Yes, it’s really happening.
One moment we were still moping at the lack of an album release, and the next we’re awaiting a musical documentary. With so much going on, it’s almost okay that JJ isn’t releasing an album this year. Almost.
《听·见 林俊杰》(“Listen to JJ Lin”) or “If Miracles Had A Sound” (JFJ Production’s motto) boasts to be the first comprehensive documentary detailing music production within the Chinese music industry. Over the course of 455 days, filming took place throughout studios in the U.S., Singapore, Malaysia, Hong Kong, and Taiwan to create over 14,400 minutes of source material later condensed into 2 hours.
Through the film, JJ hopes to dispel the incorrect notion that Chinese-language pop music is just “bubblegum pop” and to share his own musical story. Jason Mraz, who JJ had collaborated with for his album “Genesis”, also shares his experience working with JJ.
Most importantly, the film encourages all to realize and follow their dreams, whatever it may be.
Still not convinced? JJ recently released a short trailer of sorts, which speaks far more than what these words could:
The film premiered on June 27, 2016 in Beijing‘s prestigious Tsinghua University (清华) to a crowd of lucky fans and students. JJ Lin himself, along with TV host Mickey Huang (Huang Zijiao), was present at the press conference.
The entire documentary will be available for online streaming on July 7, 2016 at 12:00 P.M. CST (UTC +08) on various online platforms such as YinYueTai, QQ Music, LeTV, 腾讯视频, Sohu TV, LINE TV, and JJ Lin’s official YouTube channel, while the DVD is set to be available for purchase in early August.
Among the many attendees was music critic Deng Ke, who later shared his experience at the premiere screening.
Below is a rough translation of Deng Ke’s Weibo post. Such does not directly reflect my personal opinions. Some grammatical mistakes are from the actual post itself.
Finished watching the music documentary “If Miracles Had A Sound” in Tsinghua’s big auditorium and felt:
The entire film felt very down-to-earth, as it wasn’t that type of self-promotion; it devoted a lot of time to discussing the creation and production of music, interviewed a lot of relevant musicians (Billy Koh, C.Y. Kong, Jason Mraz, etc.), and deserves the title “music documentary”. With a basic understanding of his [JJ Lin’s] music, the many details of the documentary will help you gain a deeper understanding of him and his music.
[The film is] set for a July 7 web release.
The interactive session after the premiere obviously included fans who vindicated their true feelings, but because this event was directed towards many Beijing academies, especially professional art academies (China Central Music Academy, China Music Academy, etc.), there were still many specialized questions. Lin wasn’t fooling around, and answered each question earnestly. I’ve chosen a few examples:
1. Regarding inspiration:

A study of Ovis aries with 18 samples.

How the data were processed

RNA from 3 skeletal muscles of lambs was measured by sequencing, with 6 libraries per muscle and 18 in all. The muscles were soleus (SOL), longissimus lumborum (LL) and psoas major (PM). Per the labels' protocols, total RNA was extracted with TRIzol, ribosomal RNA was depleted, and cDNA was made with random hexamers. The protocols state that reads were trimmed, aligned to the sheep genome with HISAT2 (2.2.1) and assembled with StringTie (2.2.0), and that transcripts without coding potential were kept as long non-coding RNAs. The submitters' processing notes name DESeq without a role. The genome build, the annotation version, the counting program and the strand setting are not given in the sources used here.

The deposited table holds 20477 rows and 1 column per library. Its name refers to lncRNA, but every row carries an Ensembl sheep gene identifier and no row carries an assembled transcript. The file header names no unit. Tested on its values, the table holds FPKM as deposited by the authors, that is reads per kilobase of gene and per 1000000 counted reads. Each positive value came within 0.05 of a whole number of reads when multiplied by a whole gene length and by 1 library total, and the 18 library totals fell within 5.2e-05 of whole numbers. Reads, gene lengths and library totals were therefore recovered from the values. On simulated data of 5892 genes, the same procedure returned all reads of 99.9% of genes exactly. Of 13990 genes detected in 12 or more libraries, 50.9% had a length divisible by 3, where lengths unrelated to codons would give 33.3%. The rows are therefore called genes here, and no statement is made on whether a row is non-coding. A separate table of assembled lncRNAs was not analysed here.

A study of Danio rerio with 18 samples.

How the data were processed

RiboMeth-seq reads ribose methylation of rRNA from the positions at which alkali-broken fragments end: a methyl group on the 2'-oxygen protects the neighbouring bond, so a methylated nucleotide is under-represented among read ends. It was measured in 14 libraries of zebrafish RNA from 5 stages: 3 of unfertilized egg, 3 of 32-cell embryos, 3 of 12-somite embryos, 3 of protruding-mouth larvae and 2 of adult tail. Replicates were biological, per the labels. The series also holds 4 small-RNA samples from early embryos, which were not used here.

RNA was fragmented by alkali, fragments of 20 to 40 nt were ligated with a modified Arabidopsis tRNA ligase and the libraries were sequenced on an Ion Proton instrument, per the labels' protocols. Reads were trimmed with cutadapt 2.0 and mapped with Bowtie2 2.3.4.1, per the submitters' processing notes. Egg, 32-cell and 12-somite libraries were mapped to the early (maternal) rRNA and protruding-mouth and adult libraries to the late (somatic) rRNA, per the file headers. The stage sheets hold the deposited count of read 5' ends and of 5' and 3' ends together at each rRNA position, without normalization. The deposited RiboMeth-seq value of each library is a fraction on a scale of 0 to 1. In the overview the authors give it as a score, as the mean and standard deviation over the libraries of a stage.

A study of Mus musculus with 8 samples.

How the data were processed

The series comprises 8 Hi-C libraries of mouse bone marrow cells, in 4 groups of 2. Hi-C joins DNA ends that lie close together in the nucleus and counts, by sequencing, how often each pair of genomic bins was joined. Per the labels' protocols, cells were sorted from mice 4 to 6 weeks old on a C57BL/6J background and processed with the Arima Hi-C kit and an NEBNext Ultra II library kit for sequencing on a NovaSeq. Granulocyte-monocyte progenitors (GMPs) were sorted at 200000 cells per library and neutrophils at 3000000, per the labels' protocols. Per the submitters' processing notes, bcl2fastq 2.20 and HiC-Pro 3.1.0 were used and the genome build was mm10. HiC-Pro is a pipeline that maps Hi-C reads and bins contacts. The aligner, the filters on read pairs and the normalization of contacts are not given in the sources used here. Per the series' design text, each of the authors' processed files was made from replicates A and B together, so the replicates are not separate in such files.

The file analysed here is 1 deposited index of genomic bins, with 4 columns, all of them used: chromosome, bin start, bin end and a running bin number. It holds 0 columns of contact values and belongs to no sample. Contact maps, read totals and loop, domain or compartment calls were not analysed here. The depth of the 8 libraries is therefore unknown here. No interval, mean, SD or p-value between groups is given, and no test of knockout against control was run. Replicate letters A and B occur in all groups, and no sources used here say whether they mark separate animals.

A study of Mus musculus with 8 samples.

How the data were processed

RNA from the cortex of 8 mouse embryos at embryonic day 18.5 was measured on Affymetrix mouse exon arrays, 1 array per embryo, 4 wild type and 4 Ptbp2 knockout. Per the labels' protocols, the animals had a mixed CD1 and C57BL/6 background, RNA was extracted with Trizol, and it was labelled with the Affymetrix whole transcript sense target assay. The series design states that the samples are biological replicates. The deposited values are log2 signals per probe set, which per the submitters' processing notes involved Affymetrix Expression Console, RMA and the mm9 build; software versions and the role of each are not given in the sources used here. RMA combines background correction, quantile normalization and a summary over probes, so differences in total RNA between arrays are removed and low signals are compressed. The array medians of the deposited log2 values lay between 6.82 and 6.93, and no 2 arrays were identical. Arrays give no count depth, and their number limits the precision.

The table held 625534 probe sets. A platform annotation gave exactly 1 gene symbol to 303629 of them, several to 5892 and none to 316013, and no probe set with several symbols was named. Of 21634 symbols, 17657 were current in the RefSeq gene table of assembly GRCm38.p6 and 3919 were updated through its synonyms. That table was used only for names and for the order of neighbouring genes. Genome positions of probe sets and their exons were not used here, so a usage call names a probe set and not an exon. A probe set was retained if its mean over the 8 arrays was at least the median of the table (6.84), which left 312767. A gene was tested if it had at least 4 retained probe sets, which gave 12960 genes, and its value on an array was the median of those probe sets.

Inspiration is very precious, and once experienced it should be immediately recorded. He uses his phone to record them, even if it can’t be used yet.
2. Regarding balancing technique and inspiration during song creation:
Music theory and songwriting abilities are used to efficiently and appropriately mould inspiration. Don’t sacrifice technique for valuable inspiration.
3. Fitting the song and lyrics:
Different notes correspond to different areas of physical resonance (bringing out different tones), and the song lyrics will directly affect the synchronism, which should be paid attention to, especially in the song’s hook.
After the interactive session, I, along with a few other reporters did a mini Q&A session with JJ backstage. I asked three questions:
Q: With so many Mandarin love ballads, how do you, in such a competitive environment, write so many good melodies (and keep at it for so many years)?
Lin: Follow your own heart, follow your own feelings, and keep track of any inspiration.
(Actually he said a lot, but most of it basically came off as 1) He’s very hard-working and 2) He really has a penchant for writing melodies, or at least a really good feeling towards melodies)
Q: Having written so many ballads, how do you prevent accidental overlaps? Have you ever considered going further to try other styles of music?
Lin: Inspiration does not prevent accidental overlapping, and sometimes I’ll even overlap with myself. I have spent a lot of energy to prevent this, and have discussed this with others. I have been experimenting with other styles.
(But I personally feel that he could go further in trying a new style of music)
Q: Your songs in your albums are all self-written, but as a singer, I feel that your voice has more possibilities. Will you compete in “I Am A Singer” Season 5?
Lin: . . . . . .
(He did not answer)
Basically it was like that.
A lot of this looks very professional, and with but some knowledge in piano and music theory there is definitely much to be learned through watching the film.
Don’t worry if you don’t know much about music though — the ultimate message is to, through the film, gain inspiration to realize and follow your own aspirations.
*screaming and fangirling in the background*
P.S. JJ Lin (alongside Jolin Tsai and Harlem Yu) is on tonight’s episode of Go Fighting! Go watch it!